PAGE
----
Why Contract Compliance Can Make or Break Your Business
Risk & Compliance
Contracting and compliance are integral and intertwined facets that take up a significant amount of resources for most companies. The key to keeping things on track and avoiding costly issues is to institute a coherent management plan. Both contracting and compliance matters require diligent oversight, and periodic internal audits can help companies to identify potential lapses before they become much larger complications. Although it is wise to stay on top of all of a business’s operations, contract compliance, in particular, cannot be overlooked, as the consequences may prove catastrophic. Here is why contract compliance can make or break your business:
Avoid Unnecessary Expenditures
Depending on who the other party is to a contract, failing to comply may lead to the imposition of some very expensive fines, penalties, and/or damages. Government contracts are particularly susceptible to compliance issues, but that does not mean that private agreements will not be subjected to federal, state, or local mandates. In addition to the direct costs associated with failing to comply, there could be plenty of other financial implications that are much harder to measure directly. Rather than have to find out what kind of money that would entail, it is best to ensure that a solid management system is in place, along with rigorous review processes to make the appropriate corrections.
Retain Clients and Business Partners
An additional financial issue that may arise relates to loss of reputation and the ensuing severance of existing relationships. Not many companies are going to want to do business with a firm that does not commit to or respect the importance of adhering to compliance mandates and protocols. Granted, it may just be the governmental partners that end the business relationship, but those arrangements can be rather lucrative, so that is a substantial loss. And, others may learn of these breaches and terminations, and thus may subsequently decline to do business with a company as well.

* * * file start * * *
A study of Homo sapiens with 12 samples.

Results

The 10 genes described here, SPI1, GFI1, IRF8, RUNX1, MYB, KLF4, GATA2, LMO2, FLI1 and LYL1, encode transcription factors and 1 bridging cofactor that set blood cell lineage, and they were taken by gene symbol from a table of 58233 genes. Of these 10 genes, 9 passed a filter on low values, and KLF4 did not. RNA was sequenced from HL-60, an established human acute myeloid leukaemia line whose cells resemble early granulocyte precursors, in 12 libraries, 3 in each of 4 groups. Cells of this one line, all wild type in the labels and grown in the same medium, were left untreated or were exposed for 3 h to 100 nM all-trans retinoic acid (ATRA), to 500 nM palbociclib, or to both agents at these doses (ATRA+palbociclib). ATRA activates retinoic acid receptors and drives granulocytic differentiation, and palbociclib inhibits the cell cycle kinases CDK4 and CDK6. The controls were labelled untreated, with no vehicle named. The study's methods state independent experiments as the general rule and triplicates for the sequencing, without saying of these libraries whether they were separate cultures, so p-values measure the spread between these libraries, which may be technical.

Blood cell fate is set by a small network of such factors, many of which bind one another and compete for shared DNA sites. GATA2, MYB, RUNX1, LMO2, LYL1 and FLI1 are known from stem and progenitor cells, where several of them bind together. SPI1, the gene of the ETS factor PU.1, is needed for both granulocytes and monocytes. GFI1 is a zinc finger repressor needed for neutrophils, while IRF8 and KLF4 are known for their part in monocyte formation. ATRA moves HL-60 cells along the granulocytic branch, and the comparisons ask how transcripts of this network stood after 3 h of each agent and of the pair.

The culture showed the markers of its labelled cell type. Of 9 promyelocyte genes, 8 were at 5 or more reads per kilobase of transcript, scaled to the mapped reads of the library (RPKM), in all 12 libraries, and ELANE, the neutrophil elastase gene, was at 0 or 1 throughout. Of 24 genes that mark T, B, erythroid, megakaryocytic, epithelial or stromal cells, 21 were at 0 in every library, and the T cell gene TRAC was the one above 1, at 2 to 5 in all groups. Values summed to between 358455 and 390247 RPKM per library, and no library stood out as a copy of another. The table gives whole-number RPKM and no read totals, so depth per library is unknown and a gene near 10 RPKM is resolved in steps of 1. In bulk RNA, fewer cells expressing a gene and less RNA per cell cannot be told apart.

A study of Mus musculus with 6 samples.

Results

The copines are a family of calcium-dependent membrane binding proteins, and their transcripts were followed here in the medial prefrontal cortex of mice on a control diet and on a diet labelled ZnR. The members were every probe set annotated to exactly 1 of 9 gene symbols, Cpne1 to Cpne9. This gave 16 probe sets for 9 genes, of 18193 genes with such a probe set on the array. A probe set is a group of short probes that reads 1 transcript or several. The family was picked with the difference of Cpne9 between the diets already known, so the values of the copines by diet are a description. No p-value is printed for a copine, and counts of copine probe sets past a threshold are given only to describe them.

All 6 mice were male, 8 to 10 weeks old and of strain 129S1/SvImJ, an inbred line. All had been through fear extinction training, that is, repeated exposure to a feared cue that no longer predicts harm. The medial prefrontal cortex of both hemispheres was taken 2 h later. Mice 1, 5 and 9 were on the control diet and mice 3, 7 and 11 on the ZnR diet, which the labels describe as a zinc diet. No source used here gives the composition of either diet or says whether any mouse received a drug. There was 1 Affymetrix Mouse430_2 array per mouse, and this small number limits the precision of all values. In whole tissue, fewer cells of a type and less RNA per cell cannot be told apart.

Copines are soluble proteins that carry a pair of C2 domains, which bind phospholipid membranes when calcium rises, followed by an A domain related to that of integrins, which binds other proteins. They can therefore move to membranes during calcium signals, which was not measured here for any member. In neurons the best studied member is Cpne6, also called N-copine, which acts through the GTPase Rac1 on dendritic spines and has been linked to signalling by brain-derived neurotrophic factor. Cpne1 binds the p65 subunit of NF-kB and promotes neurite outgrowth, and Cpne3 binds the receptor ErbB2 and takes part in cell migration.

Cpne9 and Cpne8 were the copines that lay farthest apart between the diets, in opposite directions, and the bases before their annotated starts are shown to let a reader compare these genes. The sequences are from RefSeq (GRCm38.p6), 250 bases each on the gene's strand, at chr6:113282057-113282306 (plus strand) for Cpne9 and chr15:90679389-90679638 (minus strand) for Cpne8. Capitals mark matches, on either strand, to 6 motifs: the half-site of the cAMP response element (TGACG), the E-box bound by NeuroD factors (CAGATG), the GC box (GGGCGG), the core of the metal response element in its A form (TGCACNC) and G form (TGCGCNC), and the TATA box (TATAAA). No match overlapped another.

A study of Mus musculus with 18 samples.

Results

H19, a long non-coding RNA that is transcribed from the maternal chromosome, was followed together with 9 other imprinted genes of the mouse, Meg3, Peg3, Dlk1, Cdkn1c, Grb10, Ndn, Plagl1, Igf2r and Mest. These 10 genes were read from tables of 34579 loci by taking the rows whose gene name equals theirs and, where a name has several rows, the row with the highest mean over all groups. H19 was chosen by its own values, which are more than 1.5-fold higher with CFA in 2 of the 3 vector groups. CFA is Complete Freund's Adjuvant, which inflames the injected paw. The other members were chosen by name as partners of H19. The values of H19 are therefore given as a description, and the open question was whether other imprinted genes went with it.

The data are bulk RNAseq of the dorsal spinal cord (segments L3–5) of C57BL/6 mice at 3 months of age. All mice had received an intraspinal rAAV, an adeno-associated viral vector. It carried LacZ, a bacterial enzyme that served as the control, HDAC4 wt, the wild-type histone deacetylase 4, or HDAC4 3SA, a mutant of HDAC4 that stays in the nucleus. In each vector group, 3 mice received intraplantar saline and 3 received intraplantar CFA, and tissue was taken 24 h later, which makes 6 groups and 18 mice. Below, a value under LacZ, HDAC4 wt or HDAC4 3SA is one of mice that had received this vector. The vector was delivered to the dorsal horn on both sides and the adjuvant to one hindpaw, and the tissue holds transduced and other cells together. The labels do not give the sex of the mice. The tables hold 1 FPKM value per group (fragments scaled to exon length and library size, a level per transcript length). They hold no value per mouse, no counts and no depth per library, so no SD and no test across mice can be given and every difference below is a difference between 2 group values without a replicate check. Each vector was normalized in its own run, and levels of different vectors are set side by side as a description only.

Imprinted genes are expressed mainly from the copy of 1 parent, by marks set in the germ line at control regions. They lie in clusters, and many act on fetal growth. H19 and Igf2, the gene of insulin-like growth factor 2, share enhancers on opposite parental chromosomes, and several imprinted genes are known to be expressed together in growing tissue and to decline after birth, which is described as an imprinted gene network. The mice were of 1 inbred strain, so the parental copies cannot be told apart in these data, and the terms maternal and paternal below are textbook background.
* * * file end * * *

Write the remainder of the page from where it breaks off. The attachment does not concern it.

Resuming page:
Stay Away from Courtrooms
As with virtually any business transaction that goes south, there is a good chance that a lawsuit will be brought to rectify the wrongdoing. It is pretty common knowledge that extensive and expensive lawsuits can be, and often are, the death of a business, especially those with modest resources. There is a far too prevalent misconception that the advice of legal counsel early on in a contracting relationship is unnecessary. However, as with many things, it is almost always better to spend the money up front to ensure that things are done properly than to wait until an issue becomes so complex that even more money and resources must be devoted to extricating the company from the sticky situation.
Keep the People Happy
At the end of the day, most people want to work for a profitable, well-run business that is run by inspiring leaders with a similar vision who promote a positive work culture. To achieve this feat, companies must ensure that every aspect of its operations has the right team members committed to the task and that those folks are afforded all of the requisite skills and tools to perform effectively. Thus, to prevent contract compliance issues from disrupting the company’s efficiency, productivity, and profitability, it is critical to put together a solid contract team, respect them as important partners in executing the company’s strategic plan, and provide them with the technology and resources that they need to keep the entire contract portfolio in perfect shape.